Bimanual Interaction for Medical Virtual Environments: Palpation and Needle Intervention

187 Seiten, Dissertation Rheinisch-Westfälische Technische Hochschule Aachen (2011), Softcover, A5

Zusammenfassung / Abstract

While medicine and surgery evolved significantly in the last century and past decade, the teaching methods have not changed in the same manner. The apprenticeship model “See one, do one, teach one'' is still common practice and bears risks in patient safety. Traditional training methods are often constrained and limited, e.g., puppets and artificial material deteriorate from repeated usage, training on corpses or animals is expensive, tissue behavior differs and the usage is ethically questionable. Most of these issues can be addressed by virtual reality-based training simulators.

In this thesis we focus on bimanual interaction for medical simulation. More specifically, novel approaches for simultaneous palpation and needle insertion are researched. To apply and validate these techniques on a specific medical procedure, we choose the femoral block technique from regional anesthesia.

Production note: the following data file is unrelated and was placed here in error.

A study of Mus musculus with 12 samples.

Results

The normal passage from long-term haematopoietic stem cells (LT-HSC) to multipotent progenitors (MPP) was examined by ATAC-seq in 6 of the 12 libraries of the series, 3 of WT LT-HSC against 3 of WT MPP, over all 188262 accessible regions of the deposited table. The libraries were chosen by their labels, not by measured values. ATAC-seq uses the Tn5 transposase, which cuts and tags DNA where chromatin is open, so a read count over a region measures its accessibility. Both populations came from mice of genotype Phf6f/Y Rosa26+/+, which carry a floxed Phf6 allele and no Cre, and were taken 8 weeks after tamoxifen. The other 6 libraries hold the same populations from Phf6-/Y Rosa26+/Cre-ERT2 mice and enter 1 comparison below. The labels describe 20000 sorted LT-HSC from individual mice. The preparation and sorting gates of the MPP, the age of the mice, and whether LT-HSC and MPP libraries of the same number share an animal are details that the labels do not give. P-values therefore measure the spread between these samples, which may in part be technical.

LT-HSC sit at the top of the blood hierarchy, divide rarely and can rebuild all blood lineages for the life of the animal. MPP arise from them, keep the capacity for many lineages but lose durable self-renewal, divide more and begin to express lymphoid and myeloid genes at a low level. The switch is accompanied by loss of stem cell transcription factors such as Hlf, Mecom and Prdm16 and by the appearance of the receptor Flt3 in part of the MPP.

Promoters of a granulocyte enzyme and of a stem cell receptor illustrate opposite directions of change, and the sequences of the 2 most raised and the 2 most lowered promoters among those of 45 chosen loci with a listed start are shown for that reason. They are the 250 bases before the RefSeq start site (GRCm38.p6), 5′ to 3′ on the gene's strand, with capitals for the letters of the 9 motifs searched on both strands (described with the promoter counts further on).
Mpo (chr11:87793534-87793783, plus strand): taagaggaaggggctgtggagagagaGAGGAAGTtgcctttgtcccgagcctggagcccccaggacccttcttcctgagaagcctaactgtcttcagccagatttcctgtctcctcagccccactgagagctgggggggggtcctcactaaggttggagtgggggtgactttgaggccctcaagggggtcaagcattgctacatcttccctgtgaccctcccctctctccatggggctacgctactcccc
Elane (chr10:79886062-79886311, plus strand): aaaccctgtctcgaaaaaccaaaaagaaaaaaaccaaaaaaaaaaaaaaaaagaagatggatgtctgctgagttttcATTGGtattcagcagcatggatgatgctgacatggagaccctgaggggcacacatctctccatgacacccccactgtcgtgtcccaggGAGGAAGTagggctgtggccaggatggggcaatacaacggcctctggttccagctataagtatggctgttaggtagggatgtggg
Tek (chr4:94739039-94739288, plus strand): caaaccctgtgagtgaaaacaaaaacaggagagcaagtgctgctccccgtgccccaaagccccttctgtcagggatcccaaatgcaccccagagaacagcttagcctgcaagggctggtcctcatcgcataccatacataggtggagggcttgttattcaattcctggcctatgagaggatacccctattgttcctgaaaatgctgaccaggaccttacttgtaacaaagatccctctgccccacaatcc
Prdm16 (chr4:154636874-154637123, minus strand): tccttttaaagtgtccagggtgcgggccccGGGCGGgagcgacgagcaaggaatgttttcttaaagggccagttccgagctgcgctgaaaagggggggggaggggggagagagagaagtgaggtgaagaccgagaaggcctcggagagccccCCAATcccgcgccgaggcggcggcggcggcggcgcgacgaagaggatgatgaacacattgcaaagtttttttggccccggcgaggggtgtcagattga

The major contributions of this thesis are a real-time capable software architecture that allows for haptic bimanual interaction in a finite element-based medical simulation environment, novel methods for palpation with tissue dragging, simulated anatomical landmarks and haptic pulse rendering, and methods for haptic needle insertion with multiple tissue layers. Simulator prototypes are described that utilize the aforementioned algorithms and combine these for medical training scenarios with plausible anatomical datasets, produced with the content creation tools. Finally, the algorithms are in part assessed with time measurements for performance, force logging for analysis of simulation results and the prototypes are validated with medical experts in user studies.